Try A Different Approach When Targeting Professional Women
Chances are youre still overlooking more than 50% of your target market, and the largest opportunity to grow your business. As an industry, we continue to miss the boat on marketing to professional women despite the fact that its a strong, affluent market.
Consider that 1.2 million women have incomes of $75,000 or more, hold about half of all accounting, law and medical degrees, and start businesses at twice the rate of men.
Whats more, professional women are increasingly assuming the lead role in financial decision-making or are highly influential in the joint purchase decision. Yet, women continue telling us they are not given the same level of courtesy given to their male counterparts. They feel ignored and are often considered add-on sales.
So, whats the problem? Old industry data, myths about working with women, and predominantly male sales forces have been barriers to successfully navigating the womens market. A better understanding of the target is needed, as well as a change in the way representatives think about the sales process–the traditional, male-centric sales approach is often ineffective.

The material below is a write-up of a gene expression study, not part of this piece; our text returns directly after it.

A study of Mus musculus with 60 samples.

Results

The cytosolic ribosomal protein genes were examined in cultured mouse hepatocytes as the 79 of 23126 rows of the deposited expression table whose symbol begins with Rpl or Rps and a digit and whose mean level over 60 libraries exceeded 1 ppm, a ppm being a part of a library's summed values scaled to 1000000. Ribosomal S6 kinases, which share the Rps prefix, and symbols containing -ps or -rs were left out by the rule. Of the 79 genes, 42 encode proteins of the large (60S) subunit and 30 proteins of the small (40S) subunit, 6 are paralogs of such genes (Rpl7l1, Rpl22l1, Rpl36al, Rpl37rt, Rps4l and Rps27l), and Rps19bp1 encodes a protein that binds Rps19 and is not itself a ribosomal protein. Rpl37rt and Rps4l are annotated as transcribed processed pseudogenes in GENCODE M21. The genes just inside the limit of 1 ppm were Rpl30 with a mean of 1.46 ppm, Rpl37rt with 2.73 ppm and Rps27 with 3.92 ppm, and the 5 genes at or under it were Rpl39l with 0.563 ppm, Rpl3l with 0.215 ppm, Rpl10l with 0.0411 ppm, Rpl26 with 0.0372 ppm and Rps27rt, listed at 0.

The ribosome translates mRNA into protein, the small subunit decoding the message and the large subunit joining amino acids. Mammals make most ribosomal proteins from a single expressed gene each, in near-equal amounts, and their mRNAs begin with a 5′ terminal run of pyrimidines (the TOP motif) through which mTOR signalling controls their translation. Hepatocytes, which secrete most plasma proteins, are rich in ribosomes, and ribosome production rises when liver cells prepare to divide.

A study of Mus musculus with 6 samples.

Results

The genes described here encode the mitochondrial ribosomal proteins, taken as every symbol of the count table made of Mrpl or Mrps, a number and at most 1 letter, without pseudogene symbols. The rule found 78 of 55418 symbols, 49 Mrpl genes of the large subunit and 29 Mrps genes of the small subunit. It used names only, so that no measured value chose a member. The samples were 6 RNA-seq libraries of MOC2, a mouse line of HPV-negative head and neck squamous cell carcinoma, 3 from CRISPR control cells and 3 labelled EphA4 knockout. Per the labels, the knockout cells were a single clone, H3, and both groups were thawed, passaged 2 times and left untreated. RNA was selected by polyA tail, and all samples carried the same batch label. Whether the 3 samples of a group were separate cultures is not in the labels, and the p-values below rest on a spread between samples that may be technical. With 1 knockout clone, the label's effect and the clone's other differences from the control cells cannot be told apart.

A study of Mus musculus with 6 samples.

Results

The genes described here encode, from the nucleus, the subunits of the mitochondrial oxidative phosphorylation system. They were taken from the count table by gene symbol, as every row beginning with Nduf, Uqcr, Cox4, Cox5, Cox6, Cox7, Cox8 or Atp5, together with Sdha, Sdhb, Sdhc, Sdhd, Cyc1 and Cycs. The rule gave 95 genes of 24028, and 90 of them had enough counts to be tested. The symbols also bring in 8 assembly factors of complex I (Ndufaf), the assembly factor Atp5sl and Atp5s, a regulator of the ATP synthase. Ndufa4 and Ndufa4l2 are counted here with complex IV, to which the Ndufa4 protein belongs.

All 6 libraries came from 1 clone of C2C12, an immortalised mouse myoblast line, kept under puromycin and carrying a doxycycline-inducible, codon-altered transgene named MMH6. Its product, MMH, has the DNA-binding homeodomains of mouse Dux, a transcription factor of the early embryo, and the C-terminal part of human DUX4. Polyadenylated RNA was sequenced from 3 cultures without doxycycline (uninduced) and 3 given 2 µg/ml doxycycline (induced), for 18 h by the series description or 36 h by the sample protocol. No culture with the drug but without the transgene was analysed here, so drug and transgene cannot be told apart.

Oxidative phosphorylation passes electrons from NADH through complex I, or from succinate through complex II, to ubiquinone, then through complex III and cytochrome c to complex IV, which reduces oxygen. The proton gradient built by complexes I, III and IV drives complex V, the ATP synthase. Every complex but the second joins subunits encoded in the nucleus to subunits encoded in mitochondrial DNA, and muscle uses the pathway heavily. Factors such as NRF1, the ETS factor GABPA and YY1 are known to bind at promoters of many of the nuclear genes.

Women need the same financial products as men. Selling to women is not different; its the approach thats different. You will find that some approaches will resonate better with certain professional segments (i.e., physicians, attorneys, executives) than others.
In general, women are more service-sensitive than men. They also want to be educated and do more research up front before making decisions. In fact, women pride themselves on researching subjects that are important to their sense of security and want to feel competent about their finances.
While women want information, they dont want to be talked down to. Professional women are a sophisticated, highly educated group. Remember, its not that women are less financially savvy than men or more risk adverse, women simply have had less financial experience over time.
Its also important to understand that words mean different things to different people. Sports references will have a different connotation for women than men. When a financial expert says they are going to develop a “game plan,” most men are thinking “financial plan.” A woman hears this same expression and envisions plays on the field. She will probably feel that the advisor is not relating to her needs.
Use these language differences to your benefit. For example, women interpret “disability” as a catastrophic illness–they understand what being disabled could mean to their role as a breadwinner/caregiver/provider. Conversely, men are more likely to think of a disability as a recoverable injury.